Posted by ladyblues1965 Zone 7a ( on
Wed, Apr 11, 07 at 18:21

Hello to everyone! I hope to learn a great deal from you who frequent this forum.
I have in the last couple years fallen in love with violas and violets. I bought some at lowes called stary night, columbine viola, and tiger eyes, at another nursery I bought some called sorbet they were all just my favorite flowers in my entire yard.I call them Happy faces LOL. Now I am on the hunt for many viola varieties and really find it hard to find them. first does anyone know a good sorce for many varieties?
Second are there folks who enjoy trading seeds or plants?
Third. I have several different violets in my yard. I have collected them from other places and transplanted them they seem to be really hardy and seed all over my yard. I havent had much luck trying to grow the viola from seed or keeping them happy in my yard. My yard is alot of shade with early morning sun. I keep most watered really well. I dont have problems growing much of anything else except pansy's and viola what could I be doing wrong?
I hope ya all can help me

Follow-Up Postings:

RE: My first time on this forum and I have lots of viola question

ladyblues, my violets spread like crazy--underground runners, I think. And my violas re-seed crazily! Especially the ones called 'Johnny-Jump-Up'. The seed pods explode and shoot seeds all over the place; they even come up in my gravel driveway.

I do have a lot of sun, though. Did you know the name Johnny-Jump-Up is because they jump toward the sun? Where they have no competition for sun, they stay short. Where they are somewhat sun-blocked behind other plants, they get taller to be exposed to the sunlight (they 'jump'). Cool story.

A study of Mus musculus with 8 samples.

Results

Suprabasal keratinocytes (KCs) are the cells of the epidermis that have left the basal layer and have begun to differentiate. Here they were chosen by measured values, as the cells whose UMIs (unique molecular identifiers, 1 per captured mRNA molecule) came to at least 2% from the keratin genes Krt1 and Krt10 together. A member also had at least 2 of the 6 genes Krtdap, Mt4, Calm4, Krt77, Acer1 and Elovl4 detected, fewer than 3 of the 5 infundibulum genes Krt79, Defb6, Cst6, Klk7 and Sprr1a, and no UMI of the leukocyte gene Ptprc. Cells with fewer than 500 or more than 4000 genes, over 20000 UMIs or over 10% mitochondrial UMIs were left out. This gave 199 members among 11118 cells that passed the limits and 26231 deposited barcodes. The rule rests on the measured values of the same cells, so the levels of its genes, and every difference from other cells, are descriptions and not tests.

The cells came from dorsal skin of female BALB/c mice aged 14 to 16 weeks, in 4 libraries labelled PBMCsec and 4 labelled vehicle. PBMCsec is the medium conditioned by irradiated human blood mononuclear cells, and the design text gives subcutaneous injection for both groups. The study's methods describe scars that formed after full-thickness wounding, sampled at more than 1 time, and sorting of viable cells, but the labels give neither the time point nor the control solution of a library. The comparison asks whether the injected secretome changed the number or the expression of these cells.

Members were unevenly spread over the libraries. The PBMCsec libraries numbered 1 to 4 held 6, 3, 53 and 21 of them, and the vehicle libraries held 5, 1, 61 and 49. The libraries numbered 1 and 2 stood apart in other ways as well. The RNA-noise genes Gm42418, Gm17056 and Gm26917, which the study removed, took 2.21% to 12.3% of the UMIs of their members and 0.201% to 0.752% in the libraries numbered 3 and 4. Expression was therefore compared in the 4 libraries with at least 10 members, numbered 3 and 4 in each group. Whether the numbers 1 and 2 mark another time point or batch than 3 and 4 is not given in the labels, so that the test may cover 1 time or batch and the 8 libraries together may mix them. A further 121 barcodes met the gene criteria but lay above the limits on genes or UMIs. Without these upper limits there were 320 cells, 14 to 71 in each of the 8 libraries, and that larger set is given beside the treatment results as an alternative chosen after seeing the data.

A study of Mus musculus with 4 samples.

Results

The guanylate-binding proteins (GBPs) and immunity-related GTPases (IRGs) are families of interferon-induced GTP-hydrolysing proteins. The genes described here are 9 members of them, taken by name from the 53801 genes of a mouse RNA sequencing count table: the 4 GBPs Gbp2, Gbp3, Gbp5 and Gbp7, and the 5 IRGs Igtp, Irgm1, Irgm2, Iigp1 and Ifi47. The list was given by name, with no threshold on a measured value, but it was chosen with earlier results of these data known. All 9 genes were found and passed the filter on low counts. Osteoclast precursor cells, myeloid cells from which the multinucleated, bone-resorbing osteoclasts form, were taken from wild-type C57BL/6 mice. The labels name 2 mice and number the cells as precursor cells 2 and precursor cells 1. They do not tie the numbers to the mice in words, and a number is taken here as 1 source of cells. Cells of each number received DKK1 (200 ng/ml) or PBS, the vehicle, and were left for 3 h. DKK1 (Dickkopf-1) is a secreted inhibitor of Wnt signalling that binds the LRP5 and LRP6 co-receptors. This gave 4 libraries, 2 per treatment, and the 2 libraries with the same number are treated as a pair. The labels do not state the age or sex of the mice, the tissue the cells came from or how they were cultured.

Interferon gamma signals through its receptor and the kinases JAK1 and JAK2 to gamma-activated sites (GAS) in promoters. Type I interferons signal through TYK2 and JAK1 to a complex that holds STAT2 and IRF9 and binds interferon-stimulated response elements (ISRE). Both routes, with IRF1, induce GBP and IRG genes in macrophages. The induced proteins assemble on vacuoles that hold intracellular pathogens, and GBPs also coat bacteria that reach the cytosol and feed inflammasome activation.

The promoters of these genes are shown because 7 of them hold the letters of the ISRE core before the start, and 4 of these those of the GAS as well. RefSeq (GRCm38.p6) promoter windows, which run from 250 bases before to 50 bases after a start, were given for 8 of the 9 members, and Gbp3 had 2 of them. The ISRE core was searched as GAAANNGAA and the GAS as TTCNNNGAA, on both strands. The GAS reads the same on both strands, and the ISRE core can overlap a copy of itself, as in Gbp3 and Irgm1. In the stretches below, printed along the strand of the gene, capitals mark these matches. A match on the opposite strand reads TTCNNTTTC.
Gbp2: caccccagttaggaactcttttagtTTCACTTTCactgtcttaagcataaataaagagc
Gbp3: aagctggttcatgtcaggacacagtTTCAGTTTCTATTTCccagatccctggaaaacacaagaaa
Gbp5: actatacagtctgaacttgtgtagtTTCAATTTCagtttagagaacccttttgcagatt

Maybe you need to plant the violas in the sunniest areas you have, maybe even as deck plants if your deck gets sun?

RE: My first time on this forum and I have lots of viola question

Thanks for the help Elvis! I will try that. Info on growing violas is really hard to find.
Cool story! I had no idea they did well in the full sun.
My violets do really well, no problem with them just the violas.
agian thanks for the help
Lady blues

RE: My first time on this forum and I have lots of viola question

I too am quite taken with the violet family. I am planning on giving my slightly shaded parkway over to violets. My intention is to seed it rather heavily with Johnny Jump-up, and then put less hardy varieties in both direct and transplanted. I am hoping to get a variety of the hardiest to naturalize or at least re-seed.
I am heartened to hear that shade isn't vital to these plants. That takes care of one of my worries.
I am hoping that the various colors will make for interesting combos in future generations. I plan on pulling up undesirable plants (bad color or no flowers) to keep them looking nice. Has anyone done this?
Does clover grow well with violets? As far as I can tell, they both like slightly acid soil and if the sun isn't bad for violets, that should work as well. Are they going to compete too much, or will they work together? The nitrogen should help the violets, right?
At worst, I can let you all know how things look in spring of '09, when they will (hopefully) be coming back for me!

RE: My first time on this forum and I have lots of viola question

I really love your enthusiasm, lilgardenjon - I can't see how you could possibly go wrong with an attitude like that. Violets and clover can make good bedfellows, although I suspect that the clover will limit the violet density for all but the most vigorous species. I'm partial to both (I assume you meant white Dutch clover) - and while there may be some species of Viola that prefer not to be crowded by anything, if you set up a diverse habitat where no one thing is permitted to grow into a total monoculture there should be plenty of spaces for all kinds of violets. You might want to try the Johnny-jump-ups on a limited basis at first, just to see if you really want them covering everything; they can be very aggressive things and you'll soon have no shortage even with a limited initial planting. Perhaps starting with plenty of space between different types is advisable, because you can always change your mind and quickly plant more of what pleases you most after that. Who knows, you might just develop a taste for something too delicate for all the competition!

I can't wait to hear how it all turns out for you.